Northern Health (NH) has some apprehensions about a new needle buy-back program formed by Prince George Council incumbent Brian Skakun.
The program, formed by Skakun with Craig Briere and Barry Boehmer from the Prestige Group, would pay around five cents for each returned syringe and aims at combating the issue of discarded needles in the city.
In 2017, NH reported that around 90% of the 450,000 needles distributed through their program were returned to them. That still leaves around 50,000 syringes unaccounted for, which NH said doesn’t necessarily mean they weren’t disposed of properly, given the many spaces set up to return needles.
For Skakun though, that number isn’t good enough.
“We can’t just sit back and let all those needles end up in the community, it’s definitely a safety issue. There’s no doubt it’s a concern,” he said.
Reanne Sanford, Regional Nursing Lead for Harm Reduction with NH, said she can appreciate the intent to do good work with a program like Skakun’s, but has concerns of her own.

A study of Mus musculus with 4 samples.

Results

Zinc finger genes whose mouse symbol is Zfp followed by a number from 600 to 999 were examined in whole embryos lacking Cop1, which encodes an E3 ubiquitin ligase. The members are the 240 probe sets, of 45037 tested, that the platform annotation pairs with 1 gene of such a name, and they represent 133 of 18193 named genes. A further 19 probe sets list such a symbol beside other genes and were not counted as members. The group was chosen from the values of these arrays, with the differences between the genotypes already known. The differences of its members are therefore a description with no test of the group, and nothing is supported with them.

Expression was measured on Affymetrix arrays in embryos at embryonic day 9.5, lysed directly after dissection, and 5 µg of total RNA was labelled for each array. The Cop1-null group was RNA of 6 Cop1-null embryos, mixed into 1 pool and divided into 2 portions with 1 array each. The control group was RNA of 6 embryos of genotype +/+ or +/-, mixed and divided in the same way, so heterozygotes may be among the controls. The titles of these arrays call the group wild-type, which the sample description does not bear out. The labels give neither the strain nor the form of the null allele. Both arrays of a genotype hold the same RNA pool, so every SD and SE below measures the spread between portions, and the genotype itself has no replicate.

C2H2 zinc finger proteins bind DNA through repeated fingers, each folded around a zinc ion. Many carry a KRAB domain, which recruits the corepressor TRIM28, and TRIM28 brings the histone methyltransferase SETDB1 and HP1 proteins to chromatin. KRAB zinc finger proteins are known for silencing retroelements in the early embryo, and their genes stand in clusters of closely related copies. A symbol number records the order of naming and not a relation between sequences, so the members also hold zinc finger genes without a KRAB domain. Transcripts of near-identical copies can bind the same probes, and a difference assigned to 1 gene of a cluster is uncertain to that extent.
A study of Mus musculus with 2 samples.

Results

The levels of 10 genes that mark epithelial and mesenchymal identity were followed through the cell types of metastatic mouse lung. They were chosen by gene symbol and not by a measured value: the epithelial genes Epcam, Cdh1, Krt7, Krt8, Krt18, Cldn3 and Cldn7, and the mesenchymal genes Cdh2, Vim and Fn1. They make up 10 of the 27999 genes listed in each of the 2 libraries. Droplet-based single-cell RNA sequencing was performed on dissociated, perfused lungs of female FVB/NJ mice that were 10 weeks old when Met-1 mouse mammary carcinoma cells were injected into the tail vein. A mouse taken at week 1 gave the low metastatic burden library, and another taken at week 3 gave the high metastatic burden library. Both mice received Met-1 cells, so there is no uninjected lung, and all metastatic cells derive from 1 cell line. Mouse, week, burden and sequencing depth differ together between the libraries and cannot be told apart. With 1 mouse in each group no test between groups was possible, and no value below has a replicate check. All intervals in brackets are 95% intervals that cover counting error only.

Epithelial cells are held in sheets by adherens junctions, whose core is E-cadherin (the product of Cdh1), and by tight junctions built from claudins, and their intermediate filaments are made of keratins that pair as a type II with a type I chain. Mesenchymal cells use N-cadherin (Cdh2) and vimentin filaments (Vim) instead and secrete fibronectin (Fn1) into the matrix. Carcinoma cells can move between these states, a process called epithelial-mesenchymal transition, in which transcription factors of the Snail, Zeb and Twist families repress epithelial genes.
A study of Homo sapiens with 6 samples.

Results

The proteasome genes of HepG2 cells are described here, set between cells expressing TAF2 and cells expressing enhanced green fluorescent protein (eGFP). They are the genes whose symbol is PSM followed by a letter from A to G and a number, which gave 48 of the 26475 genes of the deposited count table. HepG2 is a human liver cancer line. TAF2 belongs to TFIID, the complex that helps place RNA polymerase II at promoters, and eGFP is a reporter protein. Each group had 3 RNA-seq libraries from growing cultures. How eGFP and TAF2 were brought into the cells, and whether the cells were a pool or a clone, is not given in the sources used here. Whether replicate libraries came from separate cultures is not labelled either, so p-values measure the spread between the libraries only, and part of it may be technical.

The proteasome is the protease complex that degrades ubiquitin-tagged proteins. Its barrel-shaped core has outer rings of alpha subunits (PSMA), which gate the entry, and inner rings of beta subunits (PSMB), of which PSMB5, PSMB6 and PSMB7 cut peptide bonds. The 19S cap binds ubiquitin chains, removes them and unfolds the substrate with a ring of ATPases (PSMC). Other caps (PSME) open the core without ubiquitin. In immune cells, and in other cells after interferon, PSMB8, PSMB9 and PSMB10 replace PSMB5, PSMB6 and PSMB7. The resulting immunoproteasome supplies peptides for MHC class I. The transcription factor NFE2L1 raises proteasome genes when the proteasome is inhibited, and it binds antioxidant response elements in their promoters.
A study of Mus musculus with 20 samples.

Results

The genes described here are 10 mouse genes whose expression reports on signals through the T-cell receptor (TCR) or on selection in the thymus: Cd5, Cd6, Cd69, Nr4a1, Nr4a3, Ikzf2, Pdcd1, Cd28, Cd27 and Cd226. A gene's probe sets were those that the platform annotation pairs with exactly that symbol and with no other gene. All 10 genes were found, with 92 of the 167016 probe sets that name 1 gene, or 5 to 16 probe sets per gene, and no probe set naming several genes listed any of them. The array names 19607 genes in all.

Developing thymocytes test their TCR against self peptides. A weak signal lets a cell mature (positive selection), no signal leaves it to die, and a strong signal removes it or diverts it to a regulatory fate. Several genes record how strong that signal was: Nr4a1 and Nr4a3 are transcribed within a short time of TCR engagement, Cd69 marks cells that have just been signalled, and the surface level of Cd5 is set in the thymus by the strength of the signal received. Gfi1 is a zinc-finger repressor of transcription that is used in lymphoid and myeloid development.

“There is potential harm that can come from placing a monetary value on a used syringe,” she said.
“The concern is that people may be breaking open or tampering with sealed sharps containers with used needles in them to access those needles and handle them. So the potential of being poked and suffering a needle stick injury is quite high,” said Sanford.
She also noted that there is nothing to stop people from taking clean needles and turning them in for a profit.
Skakun didn’t feel the value on a returned syringe through his program was high enough to cause those issues.
“It’s such a small amount, people would make more going out and collecting pop cans.”
Sanford also mentioned that NH did not just collect used syringes, but also offer services, support and advocate for their clients.
According to Skakun, his group has spoken about finding a way to provide those services.
“We have approached some of the social services providers in Prince George, we want to make sure there is an opportunity for them to get some sort of help if they want it, instead of just dropping off a needle, but we have to start somewhere,” he said.
“If Northern Health had a better idea and said they could collect all the needles that go out, we wouldn’t be facing these issues. I don’t think it’s fair to be criticizing what a group like ours is doing if they won’t even get the needles back to start with.”